SF State baseball overcomes three-run deficit to win in the ninth inning
The win advanced the Gators to an overall record of 6-7 and a conference record of 5-4. The Golden Eagles came in with heavy hitters, but their pitching was unable to stop SF State from overcoming a three-run deficit.
“This group hangs in there and then plays hard,” said baseball head coach Mike Cummins. “We might not be the smartest group but I think we’re pretty competitive. And we get after it and we believe in each other.”
The Gators infield fell apart in the first inning. In an attempt to prevent the Golden Eagles’ left-fielder Jesus Cuevas from stealing second base, catcher Mark Lindsay chucked the ball above the head of second baseman A.J. Almarez, allowing Cuevas to advance to third base. Cuevas eventually tagged home plate for the first run of the game.
“I think earlier in the game we kind of shot ourselves in the foot a few times. We made some base running mistakes and didn’t play great defense but that’s why you play nine innings,” Cummins said.
What SF State lacked on defense they made up for in offense. In the bottom of the second inning, shortstop Danny Souza hit an RBI double and left-fielder Thomas Wood hit a sacrifice fly, giving the Gators a 3-1 lead.
The Golden Eagles caught up with the Gators in the third inning after third baseman David Duran earned an RBI single that sent center-fielder Scott Masik home to plate. With two outs and the bases loaded, Watts found himself in a precarious position with the lead on the line.
Watts faced off against catcher Brian Compton, one of the Golden Eagles’ top five sluggers with a batting average over .300. Two strikes and one ball later, Compton sent the ball skyrocketing to left field and into Wood’s glove, keeping the score 3-1 in favor of the Gators.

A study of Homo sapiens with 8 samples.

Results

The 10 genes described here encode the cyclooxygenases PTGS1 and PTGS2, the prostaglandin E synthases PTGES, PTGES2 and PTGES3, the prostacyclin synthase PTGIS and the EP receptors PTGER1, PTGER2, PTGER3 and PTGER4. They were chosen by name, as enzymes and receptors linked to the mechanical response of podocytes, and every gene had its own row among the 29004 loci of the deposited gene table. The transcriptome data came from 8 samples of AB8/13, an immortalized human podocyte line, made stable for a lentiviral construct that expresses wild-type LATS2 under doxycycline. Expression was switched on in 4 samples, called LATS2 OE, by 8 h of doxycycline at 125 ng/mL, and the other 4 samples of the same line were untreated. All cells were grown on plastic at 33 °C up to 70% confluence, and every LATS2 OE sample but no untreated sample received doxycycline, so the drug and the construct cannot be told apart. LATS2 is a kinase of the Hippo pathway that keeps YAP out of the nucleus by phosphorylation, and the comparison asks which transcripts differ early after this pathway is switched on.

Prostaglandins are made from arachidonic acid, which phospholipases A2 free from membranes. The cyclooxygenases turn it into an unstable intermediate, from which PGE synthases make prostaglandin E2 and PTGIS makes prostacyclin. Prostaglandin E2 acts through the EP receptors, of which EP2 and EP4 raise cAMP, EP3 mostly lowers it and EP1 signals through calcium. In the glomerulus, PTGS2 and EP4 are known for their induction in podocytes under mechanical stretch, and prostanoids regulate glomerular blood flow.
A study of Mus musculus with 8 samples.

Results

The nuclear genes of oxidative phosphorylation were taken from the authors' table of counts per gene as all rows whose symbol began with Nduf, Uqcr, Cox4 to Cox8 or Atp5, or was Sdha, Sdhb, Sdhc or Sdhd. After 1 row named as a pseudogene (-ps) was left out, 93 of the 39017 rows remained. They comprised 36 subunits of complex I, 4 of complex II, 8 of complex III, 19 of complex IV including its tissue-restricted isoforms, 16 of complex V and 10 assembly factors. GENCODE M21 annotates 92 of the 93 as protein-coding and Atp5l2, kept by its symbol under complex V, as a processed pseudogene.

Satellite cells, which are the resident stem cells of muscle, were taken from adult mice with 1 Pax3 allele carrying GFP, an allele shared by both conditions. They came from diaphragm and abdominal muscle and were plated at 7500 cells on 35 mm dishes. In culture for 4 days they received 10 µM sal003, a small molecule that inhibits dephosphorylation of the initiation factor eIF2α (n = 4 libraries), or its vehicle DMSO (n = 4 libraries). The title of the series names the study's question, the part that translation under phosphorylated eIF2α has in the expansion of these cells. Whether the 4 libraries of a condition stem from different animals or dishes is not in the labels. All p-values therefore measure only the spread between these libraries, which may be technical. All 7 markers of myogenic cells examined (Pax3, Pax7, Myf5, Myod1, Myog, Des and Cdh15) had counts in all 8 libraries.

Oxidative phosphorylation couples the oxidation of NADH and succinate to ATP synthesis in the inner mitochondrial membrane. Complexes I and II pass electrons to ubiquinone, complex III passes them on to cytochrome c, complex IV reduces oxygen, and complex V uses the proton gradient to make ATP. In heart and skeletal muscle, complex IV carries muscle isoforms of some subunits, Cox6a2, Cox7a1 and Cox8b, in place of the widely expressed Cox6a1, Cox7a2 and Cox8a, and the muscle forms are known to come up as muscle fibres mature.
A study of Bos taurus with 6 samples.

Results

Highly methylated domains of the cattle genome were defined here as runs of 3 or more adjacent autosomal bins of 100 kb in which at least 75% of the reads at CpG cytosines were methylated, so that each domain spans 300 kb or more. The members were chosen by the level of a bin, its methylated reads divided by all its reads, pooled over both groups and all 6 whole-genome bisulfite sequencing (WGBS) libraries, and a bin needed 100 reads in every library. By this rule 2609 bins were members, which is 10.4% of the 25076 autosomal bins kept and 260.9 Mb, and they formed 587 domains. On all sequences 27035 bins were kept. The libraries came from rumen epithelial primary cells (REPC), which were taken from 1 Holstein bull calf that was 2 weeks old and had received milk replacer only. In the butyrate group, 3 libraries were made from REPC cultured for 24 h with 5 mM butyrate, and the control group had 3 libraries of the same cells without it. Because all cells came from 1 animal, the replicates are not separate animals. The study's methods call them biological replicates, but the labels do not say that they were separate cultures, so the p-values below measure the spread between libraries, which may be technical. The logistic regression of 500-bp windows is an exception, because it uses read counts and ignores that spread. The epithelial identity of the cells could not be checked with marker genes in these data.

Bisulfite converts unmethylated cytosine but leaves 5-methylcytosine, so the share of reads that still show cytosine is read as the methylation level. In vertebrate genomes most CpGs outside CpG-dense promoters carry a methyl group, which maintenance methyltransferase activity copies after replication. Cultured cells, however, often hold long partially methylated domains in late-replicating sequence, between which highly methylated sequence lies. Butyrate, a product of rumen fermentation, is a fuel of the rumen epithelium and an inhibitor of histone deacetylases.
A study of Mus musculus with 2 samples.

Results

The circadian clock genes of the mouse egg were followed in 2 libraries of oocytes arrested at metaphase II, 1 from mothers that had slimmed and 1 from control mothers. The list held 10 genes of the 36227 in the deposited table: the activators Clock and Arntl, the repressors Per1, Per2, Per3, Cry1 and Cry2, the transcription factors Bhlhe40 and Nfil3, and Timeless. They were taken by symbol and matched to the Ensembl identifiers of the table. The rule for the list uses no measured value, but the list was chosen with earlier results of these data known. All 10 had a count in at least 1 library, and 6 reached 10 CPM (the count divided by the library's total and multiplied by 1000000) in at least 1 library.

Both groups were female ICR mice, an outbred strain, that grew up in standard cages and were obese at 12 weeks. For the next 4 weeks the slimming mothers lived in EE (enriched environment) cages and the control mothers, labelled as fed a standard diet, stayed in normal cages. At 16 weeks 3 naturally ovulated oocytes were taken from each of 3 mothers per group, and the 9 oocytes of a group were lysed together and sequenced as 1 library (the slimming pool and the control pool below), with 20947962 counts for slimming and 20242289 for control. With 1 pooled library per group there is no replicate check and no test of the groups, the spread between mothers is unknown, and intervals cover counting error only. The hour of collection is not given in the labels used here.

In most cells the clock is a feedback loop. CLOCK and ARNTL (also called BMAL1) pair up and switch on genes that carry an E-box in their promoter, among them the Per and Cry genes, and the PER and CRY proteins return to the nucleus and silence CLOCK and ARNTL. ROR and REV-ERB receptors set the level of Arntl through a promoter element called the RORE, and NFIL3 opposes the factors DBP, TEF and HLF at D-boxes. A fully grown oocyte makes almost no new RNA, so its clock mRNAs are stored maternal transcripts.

Base running hurt the Gators’ chance to take the lead at the bottom of the inning. Itching for a chance to take the lead and add pressure to the Golden Eagles defense, first baseman A.J. Pianto started chasing after home plate from second base after a single by designated hitter Matt Quintero. His attempt to put the Gators in the lead was ill-fated as he was tagged out sliding into home plate.
“You want to make the defense make a play and that’s what we were doing,” Pianto said. “By sending me to the plate in the third inning, it put pressure on the defense and that’s what we’re looking for.”
The Gator defense finally got behind their pitcher in the top of the fourth inning, allowing Watts to put the Golden Eagles out of order.
Cal State Los Angeles inched forward in the fifth and the sixth inning with two runs apiece. The Gators snuck in one more run in the bottom of the eighth inning when King hit a double sending Quintero to home plate. The Eagles led 5-7.
Then, in the ninth inning, the Golden Eagles’ pitching broke down. With only one out, closing pitcher Cedar Morgan walked Almarez and center-fielder Dusting Wold, putting one runner, Almarez, in scoring position for Pianto’s at-bat.
“It was the last at-bat. Obviously, a crucial situation,” Pianto said. “I was just trying to do my best to stay calm, hold my composure and not let the game speed up on me.”
Pianto hit a line drive to left field for a double and his first RBI of the day. With only one out in the game, third baseman Miguel Flores was walked, making the bases loaded and giving the Gators the perfect time to capitalize.
“I just went up there trying to hit a hard ball and if it fell, it fell,” said catcher Lindsay.
Lindsay smashed the ball down the line and over the head of first baseman James Wharton, sending Pianto and Almarez home for the win.
“I was just trying to keep calm, and it happened–it fell.”